A friend of mine is going through one of the most heart wrenching things anyone can deal with. His mother, who’s been very sick for about a month or more, is fading fast. He texted me – and the I called him – when she ended up on a respirator in the hospital. This came just a day after he’d left her at her hospital room and she was awake, responsive, and seemingly doing well. Not long after he got home came word that she’d taken a horrible turn.
I don’t imagine to know his mind, everyone is different, but I’ve been there. Andrea was coming back, doing well, and then all of a sudden she’s on a respirator at 2 in the morning. I was in a panic, I was crying, and I got help from my family over the phone to make sure I was stable enough to drive and calm enough to go into the room and calm Andrea down so she wouldn’t fight the tube.
But tonight my friend called and said he got there and his Mom asked to get the tube out of her throat. She waited until he got there to do it and then said she wanted to go.
I can’t imagine that. I really can’t. . . it’s not something that I would ever want to foist on someone.
I didn’t have that. I didn’t have my wife asking for it to stop or go away. She seemed to be responding and looking to me and looked like she was turning it around. I was grasping at that little ember of hope at the time. My friend, however, had just met with his family and they had signed an order that said “do not resuscitate” for his Mom. She had gotten their family back together, she’d lived a full life, and she was done. She wanted to go.
I had to make that decision alone. They came up, Andrea being manhandled under the nurse’s CPR, her ribs breaking, and the doctor told me they’d reached a point where I had to decide. They could keep going, but the doctor wasn’t certain they’d even been getting enough oxygen to her bloodstream. Her kidneys had failed, the dialysis wouldn’t work, and her blood was growing toxic. They’d been doing this for a long time. I looked at her body, folding into the cushion of the mattress every time they compressed her rib cage down to pump her heart, and I couldn’t take it anymore. I wanted her to stay but it was so violent and I knew it was so painful.
“Stop,” I told them. “For the love of God, please, just make it stop.”
Not a day goes by I don’t wonder about that. Should I have made them keep going? What if I had, would her life have been even worse? I look to my kids and family for strength and I get it. Mainly, because they understand. My Dad lost his Mom. My kids lost theirs.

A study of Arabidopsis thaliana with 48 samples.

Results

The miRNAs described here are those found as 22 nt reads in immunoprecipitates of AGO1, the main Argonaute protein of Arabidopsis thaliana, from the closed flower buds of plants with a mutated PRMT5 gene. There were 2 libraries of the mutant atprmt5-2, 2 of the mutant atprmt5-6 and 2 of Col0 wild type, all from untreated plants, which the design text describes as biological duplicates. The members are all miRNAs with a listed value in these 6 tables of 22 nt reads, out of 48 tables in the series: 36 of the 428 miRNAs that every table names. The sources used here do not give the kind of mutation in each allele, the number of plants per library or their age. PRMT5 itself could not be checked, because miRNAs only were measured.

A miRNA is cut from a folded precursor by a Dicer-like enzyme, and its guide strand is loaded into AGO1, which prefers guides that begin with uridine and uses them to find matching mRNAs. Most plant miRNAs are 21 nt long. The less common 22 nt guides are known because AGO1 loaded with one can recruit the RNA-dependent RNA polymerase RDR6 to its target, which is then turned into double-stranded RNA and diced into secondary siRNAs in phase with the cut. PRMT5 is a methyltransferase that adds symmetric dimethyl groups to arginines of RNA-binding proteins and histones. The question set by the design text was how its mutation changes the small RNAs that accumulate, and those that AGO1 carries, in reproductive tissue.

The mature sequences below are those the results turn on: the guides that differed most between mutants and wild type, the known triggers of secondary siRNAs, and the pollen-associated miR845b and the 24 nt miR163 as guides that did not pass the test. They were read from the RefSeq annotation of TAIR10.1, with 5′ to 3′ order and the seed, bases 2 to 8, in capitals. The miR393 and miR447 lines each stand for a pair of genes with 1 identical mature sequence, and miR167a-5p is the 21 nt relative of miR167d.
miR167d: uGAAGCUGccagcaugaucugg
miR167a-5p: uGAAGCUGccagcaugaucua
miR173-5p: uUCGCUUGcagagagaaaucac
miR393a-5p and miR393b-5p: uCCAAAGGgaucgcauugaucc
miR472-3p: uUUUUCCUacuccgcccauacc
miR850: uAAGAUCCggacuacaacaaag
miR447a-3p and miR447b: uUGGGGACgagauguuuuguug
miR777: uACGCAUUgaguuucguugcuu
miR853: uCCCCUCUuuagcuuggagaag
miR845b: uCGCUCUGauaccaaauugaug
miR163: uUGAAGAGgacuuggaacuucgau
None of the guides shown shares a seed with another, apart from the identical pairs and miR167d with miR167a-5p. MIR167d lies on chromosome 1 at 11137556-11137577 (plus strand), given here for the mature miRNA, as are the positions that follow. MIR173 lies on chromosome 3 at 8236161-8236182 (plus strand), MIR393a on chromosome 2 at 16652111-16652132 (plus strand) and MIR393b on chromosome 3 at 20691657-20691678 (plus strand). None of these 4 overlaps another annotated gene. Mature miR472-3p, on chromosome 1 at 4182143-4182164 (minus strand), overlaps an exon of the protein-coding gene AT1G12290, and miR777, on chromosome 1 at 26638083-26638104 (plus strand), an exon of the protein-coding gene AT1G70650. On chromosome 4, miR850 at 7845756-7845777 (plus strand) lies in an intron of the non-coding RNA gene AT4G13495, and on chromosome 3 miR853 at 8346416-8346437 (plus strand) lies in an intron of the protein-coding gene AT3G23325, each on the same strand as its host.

My friend called me because he said he knew that I was the only person who understood. I don’t say that out of arrogance, it’s true. He was just now, with his Mom still alive, going through what I did in the first weeks after Andrea died: people going up to him and saying “I know how hard this must be . . . .”
Just like me, they were driving him crazy. The kind, genteel person you should be says “thank you, I appreciate your thoughts,” but deep down . . . and after about a week of this I did actually say this to someone . . . you want to say “fuck you, you have no idea!” Unless you’ve been there, somewhere in that room, you have literally no idea. People come up and say it like they have an idea what it’s like, what you’re going through. I told my friend last night, though, that they’re wrong. They get to give their false comfort, act all put upon, then go home and go back to their regular, everyday lives. They don’t have to face it.
The largest part of everyone’s day is never touched by my friend’s Mom . . . or Andrea’s in my case. They got to go home, get comforted – by their husband or wife or Mom or Dad – and we were not able to have that. They might see a flicker of a memory or a smell or a laugh that makes them think of what happened but I dealt with it every – single – day! Every minute. Every second. It was hard to breathe. It was hard to sleep. I didn’t want to eat. Every movement, every inch of our world reminded me of her. People just don’t get that. They get to go back to their lives, the humdrum of the daily buzz that is the machinery of life and our losses only hover on the periphery waiting for those minor stimuli that might spark a small memory.
The simple act of making dinner or lying in bed remind you of what’s missing.
Don’t use the throwaway words. Please, for the love of God, have some sympathy and do things right. “I know what you’re going through” or “I understand” or “I can imgaine” . . .
You really can’t.
Be a sympathetic ear. Listen. Comfort. But don’t try to relate unless you really have been in the situation. We have been through an emotional ringer and you’re unwittingly turning it a few more cranks.
What we need is a hand on our backs . . . and ears to listen . . . that will do far more than you can ever imagine.